3. Education and Acculturation

Formal education through school in Buguias started during the times of the American. In “The History of Buguias” by Mr. Pedro Bestre mentioned: “as the road construction was going on under the supervision of lowlanders, Schools were also being built by the Americans”. The first primary school was built in Central Buguias. Another was set up in Loo. As these schools offered instructions only from Grade I to Grade IV, students who wished to finish Grades V to VI took these in Kabayan.

By 1921, the Buguias Central Elementary School had a complete elementary education from Grades I to VII; by 1924, Loo elementary School followed suit. To popularize the American public education system, leaders of the other barrios were advised by the Americans to build additional schools. Moreover, all parents were asked to bring their children to school. Barrio leaders (barrio lieutenant) and the local police tracked down children who refused to attend classes.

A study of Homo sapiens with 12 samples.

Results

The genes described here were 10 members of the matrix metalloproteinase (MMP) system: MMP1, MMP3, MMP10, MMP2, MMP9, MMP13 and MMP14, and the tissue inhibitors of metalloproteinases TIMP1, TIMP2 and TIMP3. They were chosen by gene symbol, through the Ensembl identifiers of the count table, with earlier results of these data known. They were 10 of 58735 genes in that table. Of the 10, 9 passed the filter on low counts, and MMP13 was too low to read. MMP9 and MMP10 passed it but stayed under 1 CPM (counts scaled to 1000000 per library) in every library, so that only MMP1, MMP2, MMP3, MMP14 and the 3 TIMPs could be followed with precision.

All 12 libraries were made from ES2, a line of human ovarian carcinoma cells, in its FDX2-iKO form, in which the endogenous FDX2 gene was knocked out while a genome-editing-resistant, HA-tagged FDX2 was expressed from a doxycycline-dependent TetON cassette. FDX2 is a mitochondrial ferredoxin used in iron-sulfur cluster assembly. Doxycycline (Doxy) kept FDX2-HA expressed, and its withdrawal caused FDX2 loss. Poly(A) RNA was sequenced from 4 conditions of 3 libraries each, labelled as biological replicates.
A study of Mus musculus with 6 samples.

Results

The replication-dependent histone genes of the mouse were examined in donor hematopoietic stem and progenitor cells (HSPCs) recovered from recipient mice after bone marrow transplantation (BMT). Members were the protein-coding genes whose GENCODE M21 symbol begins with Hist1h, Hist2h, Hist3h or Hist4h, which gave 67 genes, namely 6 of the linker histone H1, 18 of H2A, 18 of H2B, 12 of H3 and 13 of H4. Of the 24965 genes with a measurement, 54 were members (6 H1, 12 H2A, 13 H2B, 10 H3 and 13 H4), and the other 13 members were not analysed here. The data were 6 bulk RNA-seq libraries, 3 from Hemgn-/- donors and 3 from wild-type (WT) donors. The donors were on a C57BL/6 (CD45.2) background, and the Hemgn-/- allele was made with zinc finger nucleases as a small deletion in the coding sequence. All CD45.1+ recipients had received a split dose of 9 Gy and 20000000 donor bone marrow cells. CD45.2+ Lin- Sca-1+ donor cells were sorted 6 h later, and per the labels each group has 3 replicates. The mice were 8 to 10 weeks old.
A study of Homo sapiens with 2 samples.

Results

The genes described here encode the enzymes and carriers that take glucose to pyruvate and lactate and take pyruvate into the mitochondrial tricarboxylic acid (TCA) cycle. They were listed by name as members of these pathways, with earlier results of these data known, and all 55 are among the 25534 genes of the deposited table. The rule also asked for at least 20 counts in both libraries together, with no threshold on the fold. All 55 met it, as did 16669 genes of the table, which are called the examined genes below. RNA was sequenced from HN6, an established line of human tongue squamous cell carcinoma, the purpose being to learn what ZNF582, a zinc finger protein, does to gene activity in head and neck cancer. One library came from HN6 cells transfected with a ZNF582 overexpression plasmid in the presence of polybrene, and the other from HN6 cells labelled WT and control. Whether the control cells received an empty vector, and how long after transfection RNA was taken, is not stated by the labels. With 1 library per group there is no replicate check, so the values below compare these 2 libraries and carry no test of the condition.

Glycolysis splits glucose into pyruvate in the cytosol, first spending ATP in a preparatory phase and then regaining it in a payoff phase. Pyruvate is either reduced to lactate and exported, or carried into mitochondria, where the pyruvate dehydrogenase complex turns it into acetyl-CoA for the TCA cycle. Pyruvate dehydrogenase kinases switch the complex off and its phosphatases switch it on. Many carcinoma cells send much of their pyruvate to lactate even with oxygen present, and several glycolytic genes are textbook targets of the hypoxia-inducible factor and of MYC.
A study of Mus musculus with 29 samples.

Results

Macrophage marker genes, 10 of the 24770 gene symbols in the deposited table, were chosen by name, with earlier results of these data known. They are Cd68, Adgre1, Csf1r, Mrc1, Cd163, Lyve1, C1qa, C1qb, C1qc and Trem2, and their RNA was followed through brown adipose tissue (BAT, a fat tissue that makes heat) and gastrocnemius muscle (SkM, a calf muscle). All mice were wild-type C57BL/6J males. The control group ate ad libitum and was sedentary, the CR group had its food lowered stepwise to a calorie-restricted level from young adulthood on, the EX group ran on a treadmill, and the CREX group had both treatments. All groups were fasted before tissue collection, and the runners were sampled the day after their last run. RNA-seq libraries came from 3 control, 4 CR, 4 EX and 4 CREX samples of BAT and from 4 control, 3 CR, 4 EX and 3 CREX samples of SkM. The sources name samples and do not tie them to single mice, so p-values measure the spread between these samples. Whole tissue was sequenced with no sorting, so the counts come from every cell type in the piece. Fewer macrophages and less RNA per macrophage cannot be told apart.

The attitude of the people towards formal education during the American colonialism was generally not appreciative. Some parents sent only their sons to school and kept the daughters to help in the kaingin in the belief that it would be useless for girls to study. Others chose to evacuate to the forests to avoid sending their children to school. On these accounts, most of the children who first attended elementary education were the children of the native leaders and the “Babaknangs” or rich and landed. Some of them later on served the government either as Municipal officials or teachers, like Basilio Tumpap, Sr. and Ben Almora. Other than the American initiative in educating the natives of Buguias, Belgian missionaries also came to the area starting 1922.

Among the non-traditional events and practices introduced in the community are celebration of days of Patron Saint, Fiestas, recreation and sports like card games, gambling, holidays like New Year, Christmas and Labor Day.